The creation of a municipal police force in Surrey could have budget impacts for other municipalities using the services of the RCMP, including Squamish, elected officials say.
That city recently proposed creating its own municipal police force to replace the services it contracts from the RCMP. The province approved this proposal in late August.
As a result, if Surrey is no longer contributing to RCMP coffers, other communities using Mounties’ services — especially the integrated teams — may have to either cut back or pay more.
Integrated teams pool resources across municipalities for certain cases. One high-profile example is the Integrated Homicide Investigation Team (IHIT).
“Surrey contributes a huge amount to our shared resources of the RCMP — so the integrated teams,” said Squamish Mayor Karen Elliott. “Without their contribution, while they won’t be using resources, the rest of us that use them aren’t sure we can afford them at the level we’ve grown accustomed to.”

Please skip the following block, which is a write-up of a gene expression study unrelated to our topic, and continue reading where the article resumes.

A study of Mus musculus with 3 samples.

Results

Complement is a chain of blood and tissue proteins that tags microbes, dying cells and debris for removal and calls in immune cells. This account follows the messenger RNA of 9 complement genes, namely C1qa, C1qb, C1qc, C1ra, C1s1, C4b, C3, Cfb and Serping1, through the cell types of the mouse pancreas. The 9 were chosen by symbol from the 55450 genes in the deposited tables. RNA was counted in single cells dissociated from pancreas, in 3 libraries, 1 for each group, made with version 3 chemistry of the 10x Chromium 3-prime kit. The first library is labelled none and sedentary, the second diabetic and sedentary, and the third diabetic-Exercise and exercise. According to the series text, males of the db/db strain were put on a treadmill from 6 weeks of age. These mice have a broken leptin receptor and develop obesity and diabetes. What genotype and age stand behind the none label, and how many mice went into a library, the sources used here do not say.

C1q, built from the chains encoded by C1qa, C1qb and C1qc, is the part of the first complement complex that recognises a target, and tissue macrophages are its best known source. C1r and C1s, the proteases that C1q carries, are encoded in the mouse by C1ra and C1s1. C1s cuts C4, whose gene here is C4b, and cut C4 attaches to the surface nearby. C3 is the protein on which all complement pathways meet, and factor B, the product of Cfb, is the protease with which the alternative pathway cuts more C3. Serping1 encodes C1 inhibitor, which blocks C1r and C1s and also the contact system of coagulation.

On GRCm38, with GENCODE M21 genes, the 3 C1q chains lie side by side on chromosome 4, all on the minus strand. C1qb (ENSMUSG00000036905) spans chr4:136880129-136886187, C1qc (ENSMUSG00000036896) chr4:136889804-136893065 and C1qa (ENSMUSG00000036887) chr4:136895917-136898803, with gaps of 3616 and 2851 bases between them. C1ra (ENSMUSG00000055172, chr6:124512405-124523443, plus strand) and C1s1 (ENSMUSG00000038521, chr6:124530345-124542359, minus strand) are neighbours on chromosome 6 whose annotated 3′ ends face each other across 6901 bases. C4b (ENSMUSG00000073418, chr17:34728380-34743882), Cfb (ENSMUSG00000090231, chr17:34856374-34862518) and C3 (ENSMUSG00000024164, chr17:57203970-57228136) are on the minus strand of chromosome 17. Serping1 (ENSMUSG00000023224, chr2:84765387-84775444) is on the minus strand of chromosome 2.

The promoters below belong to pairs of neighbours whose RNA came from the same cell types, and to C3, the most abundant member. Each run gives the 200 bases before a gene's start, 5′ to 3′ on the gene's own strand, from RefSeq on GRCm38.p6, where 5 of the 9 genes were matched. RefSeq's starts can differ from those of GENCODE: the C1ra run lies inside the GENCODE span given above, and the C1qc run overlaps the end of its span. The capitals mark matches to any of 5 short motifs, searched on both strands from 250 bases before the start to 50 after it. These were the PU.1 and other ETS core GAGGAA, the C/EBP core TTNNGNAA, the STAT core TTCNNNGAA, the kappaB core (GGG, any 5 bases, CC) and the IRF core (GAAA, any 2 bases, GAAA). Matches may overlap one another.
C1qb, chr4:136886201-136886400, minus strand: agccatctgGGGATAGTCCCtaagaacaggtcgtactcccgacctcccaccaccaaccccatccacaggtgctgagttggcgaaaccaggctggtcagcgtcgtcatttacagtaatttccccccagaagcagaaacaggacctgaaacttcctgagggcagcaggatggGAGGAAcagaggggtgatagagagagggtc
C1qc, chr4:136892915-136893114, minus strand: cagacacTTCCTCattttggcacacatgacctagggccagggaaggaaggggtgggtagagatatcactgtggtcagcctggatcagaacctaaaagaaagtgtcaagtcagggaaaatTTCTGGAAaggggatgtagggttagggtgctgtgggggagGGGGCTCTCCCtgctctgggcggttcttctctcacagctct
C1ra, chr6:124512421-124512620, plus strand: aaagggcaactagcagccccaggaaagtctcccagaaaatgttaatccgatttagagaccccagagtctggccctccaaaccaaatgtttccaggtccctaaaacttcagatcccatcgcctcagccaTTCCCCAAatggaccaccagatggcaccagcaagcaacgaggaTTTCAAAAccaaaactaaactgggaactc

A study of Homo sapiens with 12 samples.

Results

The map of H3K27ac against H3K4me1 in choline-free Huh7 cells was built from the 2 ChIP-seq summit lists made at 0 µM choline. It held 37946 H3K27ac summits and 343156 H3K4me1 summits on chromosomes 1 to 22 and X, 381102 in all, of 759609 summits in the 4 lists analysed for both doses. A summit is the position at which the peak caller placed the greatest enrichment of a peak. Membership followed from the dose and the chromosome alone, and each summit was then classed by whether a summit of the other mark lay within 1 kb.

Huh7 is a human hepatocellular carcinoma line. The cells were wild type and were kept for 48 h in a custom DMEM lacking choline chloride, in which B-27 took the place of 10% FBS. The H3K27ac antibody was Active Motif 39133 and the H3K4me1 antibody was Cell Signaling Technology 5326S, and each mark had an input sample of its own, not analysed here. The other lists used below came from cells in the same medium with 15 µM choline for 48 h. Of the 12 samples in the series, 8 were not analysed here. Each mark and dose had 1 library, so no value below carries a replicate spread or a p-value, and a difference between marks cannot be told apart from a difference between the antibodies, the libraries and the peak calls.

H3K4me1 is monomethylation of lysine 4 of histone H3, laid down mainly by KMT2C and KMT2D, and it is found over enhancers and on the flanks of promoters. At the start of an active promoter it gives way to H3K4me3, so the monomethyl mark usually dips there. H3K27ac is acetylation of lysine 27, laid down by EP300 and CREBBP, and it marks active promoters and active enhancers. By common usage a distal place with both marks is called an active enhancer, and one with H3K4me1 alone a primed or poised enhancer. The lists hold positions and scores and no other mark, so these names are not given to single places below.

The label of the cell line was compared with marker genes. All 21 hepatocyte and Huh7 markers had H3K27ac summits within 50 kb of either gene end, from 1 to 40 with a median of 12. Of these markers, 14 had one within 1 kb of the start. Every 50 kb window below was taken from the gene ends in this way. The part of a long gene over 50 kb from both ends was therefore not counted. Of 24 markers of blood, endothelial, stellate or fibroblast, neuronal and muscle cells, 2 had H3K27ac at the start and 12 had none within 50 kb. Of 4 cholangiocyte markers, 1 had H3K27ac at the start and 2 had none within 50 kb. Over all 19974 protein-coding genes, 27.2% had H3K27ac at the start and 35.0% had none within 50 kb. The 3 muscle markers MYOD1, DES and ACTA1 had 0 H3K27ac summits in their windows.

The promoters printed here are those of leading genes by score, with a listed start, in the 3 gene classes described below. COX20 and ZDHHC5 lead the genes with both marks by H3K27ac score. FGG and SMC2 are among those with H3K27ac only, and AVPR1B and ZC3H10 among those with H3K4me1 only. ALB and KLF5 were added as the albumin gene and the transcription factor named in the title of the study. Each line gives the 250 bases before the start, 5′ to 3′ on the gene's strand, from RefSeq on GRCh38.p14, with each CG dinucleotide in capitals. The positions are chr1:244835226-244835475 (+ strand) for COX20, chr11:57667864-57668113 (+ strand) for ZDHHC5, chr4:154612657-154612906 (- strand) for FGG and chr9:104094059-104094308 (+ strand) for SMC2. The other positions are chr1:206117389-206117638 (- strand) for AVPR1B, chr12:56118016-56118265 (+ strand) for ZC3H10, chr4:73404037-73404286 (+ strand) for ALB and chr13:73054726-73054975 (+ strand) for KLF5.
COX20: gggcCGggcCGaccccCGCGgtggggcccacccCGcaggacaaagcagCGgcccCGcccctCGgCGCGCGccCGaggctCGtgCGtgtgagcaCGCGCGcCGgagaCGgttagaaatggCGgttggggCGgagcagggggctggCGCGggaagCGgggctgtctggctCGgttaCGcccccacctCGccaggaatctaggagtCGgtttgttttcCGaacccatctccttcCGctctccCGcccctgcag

North Cowichan Mayor Al Siebring first raised this issue in a letter sent to Squamish council, several other municipalities and the province.
“The potential loss of the largest single detachment in this partnership could mean those costs will have to be allocated across the remaining partners,” reads the letter from Siebring.
On Sept. 3, Squamish councillors voted in favour of writing a letter to the provincial government supporting Siebring’s concerns. Council intends to draft the letter in consultation with local Mounties.
“This is basically to give the [assistant deputy minister] a heads-up that there’s a lot of us that are concerned about how this will impact our budgets, and our policing going forward,” Elliott said.
District CAO Linda Glenday said non-RCMP municipal police forces can choose to be part of integrated teams, so that may prevent the budget impact that some are fearing.
However, it’s unclear what will happen at this point, Glenday said.